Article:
The HFPA seemed to go out of its way to spread the love in the director category this year, nominating two legends, a respected auteur, a French filmmaker currently riding the crest of the award-season wave and … George Clooney.
Wait: Clooney got nominated over Steven Spielberg and Stephen Daldry? By George, do you think celebrity has anything to do with the choices?
Clooney’s inclusion for his lead actor work in “The Descendants” had been considered a given. However, the “Ides of March” nods for motion picture drama and director caught some by surprise since the film hasn’t had much traction with critics groups or other awards precursors. But there is history on the HFPA side, as the org’s voters had previously nominated Clooney for his behind-the-camera work on his last film, 2005’s “Good Night, and Good Luck.”
As one HFPA member put it: “Cynics might think otherwise, but it’s pretty simple. Voters like Clooney and believe his movie delivered.”
Clooney is joined in the category by Alexander Payne, who directed him in “The Descendants.” Payne, too, has a proven track record with the Globes, having been nominated twice for directing and winning twice for screenplay. Another favorite is “Hugo” helmer Martin Scorsese, whom the HFPA honored at last year’s ceremony with its Cecil B. DeMille award. Scorsese has taken the category twice in the past decade for “Gangs of New York” and “The Departed.”
The category’s final two slots come from well-regarded comedies with French connections — Gallic filmmaker Michel Hazanavicius’ valentine to silent cinema, “The Artist,” and Woody Allen’s nostalgic “Midnight in Paris.” The nod reps Allen’s fifth nomination as a director, though he has never won the category.
Notably absent is Spielberg, a 10-time nominee and two-time winner as director. Spielberg’s equine epic “War Horse” found success in motion picture drama, but couldn’t pull off a daily-double for its director. (Spielberg is present among the animation nominees for “Tintin.”)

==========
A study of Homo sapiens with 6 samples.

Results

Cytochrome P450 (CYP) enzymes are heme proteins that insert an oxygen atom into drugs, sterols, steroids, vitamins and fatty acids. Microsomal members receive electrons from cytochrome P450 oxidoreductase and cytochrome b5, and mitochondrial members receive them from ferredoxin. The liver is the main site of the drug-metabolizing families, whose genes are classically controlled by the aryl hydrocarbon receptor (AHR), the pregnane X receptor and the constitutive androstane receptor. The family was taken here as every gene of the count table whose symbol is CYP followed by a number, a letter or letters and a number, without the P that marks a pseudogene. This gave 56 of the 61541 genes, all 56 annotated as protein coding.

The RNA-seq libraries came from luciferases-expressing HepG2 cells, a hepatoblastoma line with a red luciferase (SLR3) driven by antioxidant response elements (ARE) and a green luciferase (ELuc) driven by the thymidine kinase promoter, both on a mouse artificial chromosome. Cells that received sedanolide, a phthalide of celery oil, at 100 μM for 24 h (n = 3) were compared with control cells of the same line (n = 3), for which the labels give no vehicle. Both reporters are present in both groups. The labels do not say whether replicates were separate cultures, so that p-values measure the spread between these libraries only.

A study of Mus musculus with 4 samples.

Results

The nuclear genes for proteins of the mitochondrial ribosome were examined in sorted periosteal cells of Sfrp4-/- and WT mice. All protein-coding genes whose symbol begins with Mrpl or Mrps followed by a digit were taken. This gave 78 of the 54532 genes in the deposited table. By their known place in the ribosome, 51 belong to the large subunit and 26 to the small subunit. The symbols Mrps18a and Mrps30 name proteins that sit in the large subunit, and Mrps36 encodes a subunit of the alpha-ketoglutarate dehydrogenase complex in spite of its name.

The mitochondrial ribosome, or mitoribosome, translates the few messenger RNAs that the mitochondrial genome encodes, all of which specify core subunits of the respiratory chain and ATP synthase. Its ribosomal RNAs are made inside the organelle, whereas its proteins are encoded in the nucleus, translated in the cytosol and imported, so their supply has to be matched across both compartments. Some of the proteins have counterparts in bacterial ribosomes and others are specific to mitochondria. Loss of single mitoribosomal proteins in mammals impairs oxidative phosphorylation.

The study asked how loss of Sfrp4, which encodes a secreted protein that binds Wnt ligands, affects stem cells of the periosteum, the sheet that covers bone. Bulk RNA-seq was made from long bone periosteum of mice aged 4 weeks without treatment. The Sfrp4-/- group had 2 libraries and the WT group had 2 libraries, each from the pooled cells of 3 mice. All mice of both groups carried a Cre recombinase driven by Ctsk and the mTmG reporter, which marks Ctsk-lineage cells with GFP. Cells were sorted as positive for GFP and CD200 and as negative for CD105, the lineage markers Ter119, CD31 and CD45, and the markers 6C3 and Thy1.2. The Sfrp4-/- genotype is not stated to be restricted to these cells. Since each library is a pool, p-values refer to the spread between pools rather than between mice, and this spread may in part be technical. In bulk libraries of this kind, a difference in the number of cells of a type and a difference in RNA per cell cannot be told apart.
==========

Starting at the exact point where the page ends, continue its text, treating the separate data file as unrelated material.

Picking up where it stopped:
Daldry’s omission is also something of a surprise, since the British helmer had received nods for his previous two outings, “The Hours” and “The Reader.” Less of a shocker: Auteur Terrence Malick failing to make the cut for his impressionistic “The Tree of Life.” HFPA hasn’t nominated Malick since “Days of Heaven” in 1979.
And though their films showed up in the heavyweight drama category, the HFPA ignored Bennett Miller (“Moneyball”) and Tate Taylor (“The Help”). Taylor, helming his first studio film, has been receiving more run for his screenplay adaptation of Kathryn Stockett’s popular novel. Miller’s “Moneyball” has also been winning more kudos on the writing side for its degree-of-difficulty adaptation of Michael Lewis’ 2003 numbers-oriented bestseller.
Since the directing category typically draws more from the drama side than its comedic counterparts, neglecting to include Paul Feig (“Bridesmaids”), Jonathan Levine (“50/50”) or Simon Curtis (“My Week With Marilyn”) didn’t raise any eyebrows among Globe watchers.
As for the absence of last year’s winner, David Fincher, who returns this year with “The Girl With the Dragon Tattoo,” one HFPA member offers a concise explanation: “We just liked the Swedish version better.”